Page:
Digital disruptions are imposing greater demands not only on the IT systems but the whole enterprise strategy. The mantra for enterprises to succeed in the digital era is to imbibe agility to evolve and remain relevant amidst a break-neck pace of change, while fostering innovation in exceedingly shorter cycles by drawing on its most critical asset, a talented workforce. Digital workplace for the 21st century must accordingly transform to be closely aligned to the business, with a rigorous focus on business outcomes, while valuing and improving employee experiences, productivity, and more importantly their engagement.
Our digital experiences and journeys with numerous enterprises so far have led us to the heart of accomplishing these lofty ideals for the digital workplace: a seemingly simple approach of ‘Experience Matters’, a digital workplace support paradigm that is hyper-focussed on proactively managing employee experiences.
Digital Workplace support no longer grapples in the dark waiting for users to call in about bad experiences, and instead wields a powerful ally in the form of workplace analytics. When effectively harnessed, workplace analytics can shine a light on how the various components of the IT infrastructure impact a user’s experience, giving unprecedented insight into how healthy the workplace is in equipping a user to perform their job role. While the Experience Matters approach is an easy one in theory, its successful implementation and realization for measurable impact towards business success is one fraught with challenges.
Giving Employee Experiences a Business-context
The first challenge lies in meticulously aligning user experiences to the business-context. When experience monitoring gets a business context, support can identify and assign an impact to a device crash at a point of sale device in a retail store to be one that can impede customer experiences and revenue inflows. A temporary application freeze, which can be a minor experience impediment for a non-critical application, assumes a magnitude of different proportions for a crucial trades application on a trading floor. An inventory management application crash for a supply chain management personnel can have a potential on impact production timelines. A business-aligned experience management approach allows support to rightly-prioritise and manage experience impediments to business.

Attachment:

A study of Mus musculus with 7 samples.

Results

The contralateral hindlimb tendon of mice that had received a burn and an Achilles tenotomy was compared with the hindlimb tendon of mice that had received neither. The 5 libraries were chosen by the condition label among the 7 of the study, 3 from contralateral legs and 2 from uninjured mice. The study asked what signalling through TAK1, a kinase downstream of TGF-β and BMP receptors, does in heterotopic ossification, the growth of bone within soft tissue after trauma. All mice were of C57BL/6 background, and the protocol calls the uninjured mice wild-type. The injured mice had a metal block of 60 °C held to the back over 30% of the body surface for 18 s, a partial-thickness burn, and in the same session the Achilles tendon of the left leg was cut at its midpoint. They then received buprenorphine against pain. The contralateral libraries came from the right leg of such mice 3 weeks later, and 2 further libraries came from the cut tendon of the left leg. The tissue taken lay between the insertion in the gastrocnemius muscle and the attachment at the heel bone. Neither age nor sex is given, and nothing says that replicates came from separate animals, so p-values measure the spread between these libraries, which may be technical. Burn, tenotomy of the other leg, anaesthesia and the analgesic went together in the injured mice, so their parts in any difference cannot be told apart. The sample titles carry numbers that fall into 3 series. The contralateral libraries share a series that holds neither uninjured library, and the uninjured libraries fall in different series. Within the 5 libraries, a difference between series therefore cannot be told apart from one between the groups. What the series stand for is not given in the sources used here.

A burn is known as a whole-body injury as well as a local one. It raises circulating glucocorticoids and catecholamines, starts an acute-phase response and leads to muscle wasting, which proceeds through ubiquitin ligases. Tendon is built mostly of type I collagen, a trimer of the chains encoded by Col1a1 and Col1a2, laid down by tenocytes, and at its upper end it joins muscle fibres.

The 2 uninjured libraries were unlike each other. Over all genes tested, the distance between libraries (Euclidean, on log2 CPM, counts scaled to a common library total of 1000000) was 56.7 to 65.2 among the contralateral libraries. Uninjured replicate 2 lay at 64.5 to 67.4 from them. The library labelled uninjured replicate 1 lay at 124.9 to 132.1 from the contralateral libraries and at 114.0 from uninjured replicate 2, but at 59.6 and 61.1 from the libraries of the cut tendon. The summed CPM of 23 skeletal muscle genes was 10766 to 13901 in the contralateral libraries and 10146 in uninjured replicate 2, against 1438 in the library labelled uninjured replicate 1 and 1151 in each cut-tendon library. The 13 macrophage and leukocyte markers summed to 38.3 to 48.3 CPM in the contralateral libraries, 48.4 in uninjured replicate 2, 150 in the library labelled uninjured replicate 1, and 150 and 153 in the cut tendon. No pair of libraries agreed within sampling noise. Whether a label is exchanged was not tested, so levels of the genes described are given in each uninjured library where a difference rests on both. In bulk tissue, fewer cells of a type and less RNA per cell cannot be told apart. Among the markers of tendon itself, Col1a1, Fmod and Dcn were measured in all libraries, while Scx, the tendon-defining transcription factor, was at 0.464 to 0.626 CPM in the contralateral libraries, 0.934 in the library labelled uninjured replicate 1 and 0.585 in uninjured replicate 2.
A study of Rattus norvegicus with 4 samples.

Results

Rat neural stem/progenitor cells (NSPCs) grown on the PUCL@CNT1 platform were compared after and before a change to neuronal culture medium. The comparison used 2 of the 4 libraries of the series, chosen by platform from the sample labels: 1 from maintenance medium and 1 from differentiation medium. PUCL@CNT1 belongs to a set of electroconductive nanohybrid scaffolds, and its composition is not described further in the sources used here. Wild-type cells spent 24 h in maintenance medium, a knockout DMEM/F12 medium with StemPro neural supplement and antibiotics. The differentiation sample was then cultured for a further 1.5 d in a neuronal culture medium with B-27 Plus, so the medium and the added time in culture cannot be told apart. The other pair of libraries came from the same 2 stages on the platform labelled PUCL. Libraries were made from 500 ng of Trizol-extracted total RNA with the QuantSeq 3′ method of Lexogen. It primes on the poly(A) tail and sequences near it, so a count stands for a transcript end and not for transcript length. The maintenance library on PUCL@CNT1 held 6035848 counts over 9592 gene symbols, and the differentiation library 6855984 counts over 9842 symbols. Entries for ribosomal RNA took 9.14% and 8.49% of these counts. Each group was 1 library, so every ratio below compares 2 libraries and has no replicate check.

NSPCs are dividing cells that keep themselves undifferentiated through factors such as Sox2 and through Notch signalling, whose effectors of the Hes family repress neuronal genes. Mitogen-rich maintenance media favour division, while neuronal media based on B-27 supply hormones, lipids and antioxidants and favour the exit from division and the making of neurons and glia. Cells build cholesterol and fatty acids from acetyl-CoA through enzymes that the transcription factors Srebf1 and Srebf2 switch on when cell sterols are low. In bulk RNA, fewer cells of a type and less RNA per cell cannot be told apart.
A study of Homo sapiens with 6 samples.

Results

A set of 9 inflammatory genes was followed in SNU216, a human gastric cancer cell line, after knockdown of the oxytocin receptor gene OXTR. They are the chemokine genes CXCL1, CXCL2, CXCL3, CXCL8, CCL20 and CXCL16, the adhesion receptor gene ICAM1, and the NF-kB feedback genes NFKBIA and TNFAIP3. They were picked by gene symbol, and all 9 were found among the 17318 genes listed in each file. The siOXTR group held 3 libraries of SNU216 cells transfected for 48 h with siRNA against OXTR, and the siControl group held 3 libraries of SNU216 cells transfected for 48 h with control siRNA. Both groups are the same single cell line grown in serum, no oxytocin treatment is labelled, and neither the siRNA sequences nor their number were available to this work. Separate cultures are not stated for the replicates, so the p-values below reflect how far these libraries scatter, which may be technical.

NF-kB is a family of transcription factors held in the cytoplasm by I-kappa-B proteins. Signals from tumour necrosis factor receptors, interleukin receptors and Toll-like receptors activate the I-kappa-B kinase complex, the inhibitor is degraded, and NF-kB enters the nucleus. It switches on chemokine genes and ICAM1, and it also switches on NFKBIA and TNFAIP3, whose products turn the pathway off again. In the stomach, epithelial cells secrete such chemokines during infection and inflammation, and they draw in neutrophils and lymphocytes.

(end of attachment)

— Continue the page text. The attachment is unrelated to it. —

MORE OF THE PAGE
Define and track the right metrics
The second challenge lies in defining metrics and indices that are data-driven and accurately depict user experiences and productivity in a business-aligned manner, to take an outcome-focussed approach to managing experiences. Workplace analytics can play back an overwhelming 680 MB per month of raw user experience data in over 240,000 accessible parameters. When this is effectively mined to focus on meaningful and actionable insights, support is equipped to proactively influence user experiences by focussing on tangible metrics defined in a scientific and an objective manner. This razor-sharp focus on improving experiences to boost user productivity translates into a direct impact on the bottom line and not just the top line.
Reimagine support models
The third and most difficult challenge lies in developing a workplace support culture that has a consistent and continuous focus on the proactive management and improvement of above defined user experience indices. This means implementing rigorous processes in place to proactively mine for problems using powerful correlations amongst user experiences across the enterprise, identifying potential causes and flagging them to the relevant resolver groups. This enables support to proactively identify problems and bottlenecks with insight into the potential root-cause of these problems, even before the users flag an issue helping in reducing crucial user downtime. Support can better respond to experience issues identified by delving enterprise-wide to proactively identify all the affected users in the environment, and enterprise-deep to identify other experience factors plaguing the user. This allows IT to double-down with objective insight on the effect that something as granular as a tested patch or an update rolled out in the production environment has on crucial experience parameters of device health, application experiences, user productivity, with no more blind spots.
HCL manages the digital workplace experiences of over 45 Global 2000 organizations workforce using WorkBlaze, powered by a scientific and objectively measured user experience index to measure business impact, that is monitored and managed by dedicated user experience management offices who have proactively identified and resolved over 600,000 user issues. This not just boosts employee productivity and morale, but also improves the perception of workplace and IT, and user delight fostering higher engagement levels – an intangible and invaluable objective that can impact an organization’s ability to retain and attract superior talent and innovate better.